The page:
New build housing developers are in need of a re-education if they are to realise the benefits that solar and storage installations pose for their projects.

That was the verdict from a panel of solar and storage installers that have been catering for the thriving new build and social housing sectors at this month’s Solar & Storage Live exhibition.

Joju Solar founder Chris Jardine discussed how his firm regarded the new build solar market, stressing that housing developers needed to come on board with solar and storage due to the respective technologies’ potential to meet building energy efficiency performance codes.

Rooftop solar PV was widely expected to receive a boon from the new build housing industry via the government’s zero carbon homes initiative, which would have mandated every new housing development to generate as much power via on-site renewables as possible from 2016, were it not abruptly cancelled the year before.

The policy decision, made at a time of swinging cuts to renewables, was widely pilloried and decried as “the worst thing the Tories have done” by former energy secretary Sir Ed Davey at an industry event later that year.

However it is now creeping back on the agenda with some housing developers turning their attentions to rooftop solar after continued price reductions.

Last week Conservative MP Laurence Robertson questioned the Department for Communities and Local Government over its possible appetite to strengthen building regulations to ensure all new buildings are developed with solar in mind.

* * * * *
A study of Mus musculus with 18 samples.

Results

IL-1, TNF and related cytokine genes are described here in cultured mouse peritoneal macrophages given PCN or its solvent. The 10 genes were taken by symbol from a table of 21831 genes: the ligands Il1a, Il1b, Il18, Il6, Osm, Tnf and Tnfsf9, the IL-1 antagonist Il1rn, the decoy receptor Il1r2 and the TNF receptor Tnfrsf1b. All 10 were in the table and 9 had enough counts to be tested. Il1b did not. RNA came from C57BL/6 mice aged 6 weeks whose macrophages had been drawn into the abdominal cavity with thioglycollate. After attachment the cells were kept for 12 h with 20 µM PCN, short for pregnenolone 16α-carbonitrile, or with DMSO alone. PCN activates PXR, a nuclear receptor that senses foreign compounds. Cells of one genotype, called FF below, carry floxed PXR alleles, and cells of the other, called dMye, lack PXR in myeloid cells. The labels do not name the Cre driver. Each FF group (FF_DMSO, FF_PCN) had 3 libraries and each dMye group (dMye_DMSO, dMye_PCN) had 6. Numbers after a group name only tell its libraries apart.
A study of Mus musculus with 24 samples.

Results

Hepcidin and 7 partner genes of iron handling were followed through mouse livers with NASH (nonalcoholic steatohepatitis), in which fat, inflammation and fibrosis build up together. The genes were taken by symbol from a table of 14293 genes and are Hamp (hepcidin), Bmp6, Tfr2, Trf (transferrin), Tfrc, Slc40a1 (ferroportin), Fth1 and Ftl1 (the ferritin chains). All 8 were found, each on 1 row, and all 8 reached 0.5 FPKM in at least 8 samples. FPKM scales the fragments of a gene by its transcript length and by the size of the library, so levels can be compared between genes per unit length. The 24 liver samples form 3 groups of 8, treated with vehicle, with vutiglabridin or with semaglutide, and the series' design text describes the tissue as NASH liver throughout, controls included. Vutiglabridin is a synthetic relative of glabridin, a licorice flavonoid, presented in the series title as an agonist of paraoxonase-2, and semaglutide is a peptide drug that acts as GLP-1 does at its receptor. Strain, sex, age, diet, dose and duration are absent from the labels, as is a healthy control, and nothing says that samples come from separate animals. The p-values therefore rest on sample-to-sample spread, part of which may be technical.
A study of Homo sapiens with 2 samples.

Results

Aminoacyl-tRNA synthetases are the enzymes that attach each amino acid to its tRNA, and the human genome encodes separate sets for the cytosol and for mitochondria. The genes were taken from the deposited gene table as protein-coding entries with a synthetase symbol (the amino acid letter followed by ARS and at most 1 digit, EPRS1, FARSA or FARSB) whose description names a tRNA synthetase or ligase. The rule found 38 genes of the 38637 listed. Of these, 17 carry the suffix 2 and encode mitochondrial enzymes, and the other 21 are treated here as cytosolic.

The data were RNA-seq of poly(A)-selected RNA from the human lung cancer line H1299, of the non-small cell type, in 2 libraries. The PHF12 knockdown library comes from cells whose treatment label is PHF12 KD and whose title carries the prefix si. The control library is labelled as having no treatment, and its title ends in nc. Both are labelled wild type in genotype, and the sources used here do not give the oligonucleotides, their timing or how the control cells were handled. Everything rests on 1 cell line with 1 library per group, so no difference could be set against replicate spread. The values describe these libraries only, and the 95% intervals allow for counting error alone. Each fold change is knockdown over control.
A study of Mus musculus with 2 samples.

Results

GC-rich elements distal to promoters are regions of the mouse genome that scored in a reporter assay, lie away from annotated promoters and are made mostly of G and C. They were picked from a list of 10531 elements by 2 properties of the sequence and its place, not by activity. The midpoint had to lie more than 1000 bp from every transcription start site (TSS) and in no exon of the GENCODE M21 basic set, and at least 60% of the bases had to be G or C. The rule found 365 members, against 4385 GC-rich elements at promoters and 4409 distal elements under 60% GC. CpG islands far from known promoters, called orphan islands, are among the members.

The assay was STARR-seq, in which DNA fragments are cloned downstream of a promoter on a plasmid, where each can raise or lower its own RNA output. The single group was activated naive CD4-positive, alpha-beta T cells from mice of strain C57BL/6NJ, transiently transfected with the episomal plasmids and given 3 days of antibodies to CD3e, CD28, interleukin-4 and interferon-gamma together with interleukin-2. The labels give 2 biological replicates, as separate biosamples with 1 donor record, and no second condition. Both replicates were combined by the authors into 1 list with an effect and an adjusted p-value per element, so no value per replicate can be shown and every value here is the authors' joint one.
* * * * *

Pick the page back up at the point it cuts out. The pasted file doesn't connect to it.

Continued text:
Housing minister Alok Sharma said there were currently no plans to do so, insisting it may not be “appropriate” to mandate a particular technology in this instance. He did, however, point to a possible strengthening of energy requirements in building regulations as set out in the Clean Growth Strategy, a review which could see greater appetite for on-site renewables.

While solar and storage have considerable premise in this area, Jardine said that developers had not yet come on board in significant numbers.

This, he suggested, could be a result of a lack of education within the sector and a remaining penchant for other energy efficiency measures such as double glazing.

Solar, and particularly storage, are commonly seen as expensive additions to a house building programme but offer greater returns than other technologies.

Jardine paid particular attention to the nascent battery storage market which he said was suffering more severely than solar PV as a result of costs. However, he added that this barrier could easily be supplanted by direct legislation covering new build housing developments, adding battery storage as a necessity for planning consent.

This could come under the need to offer grid balancing services as a result of housing developments adding to strains and stresses on the local distribution network, with Merton Council understood to be considering something similar.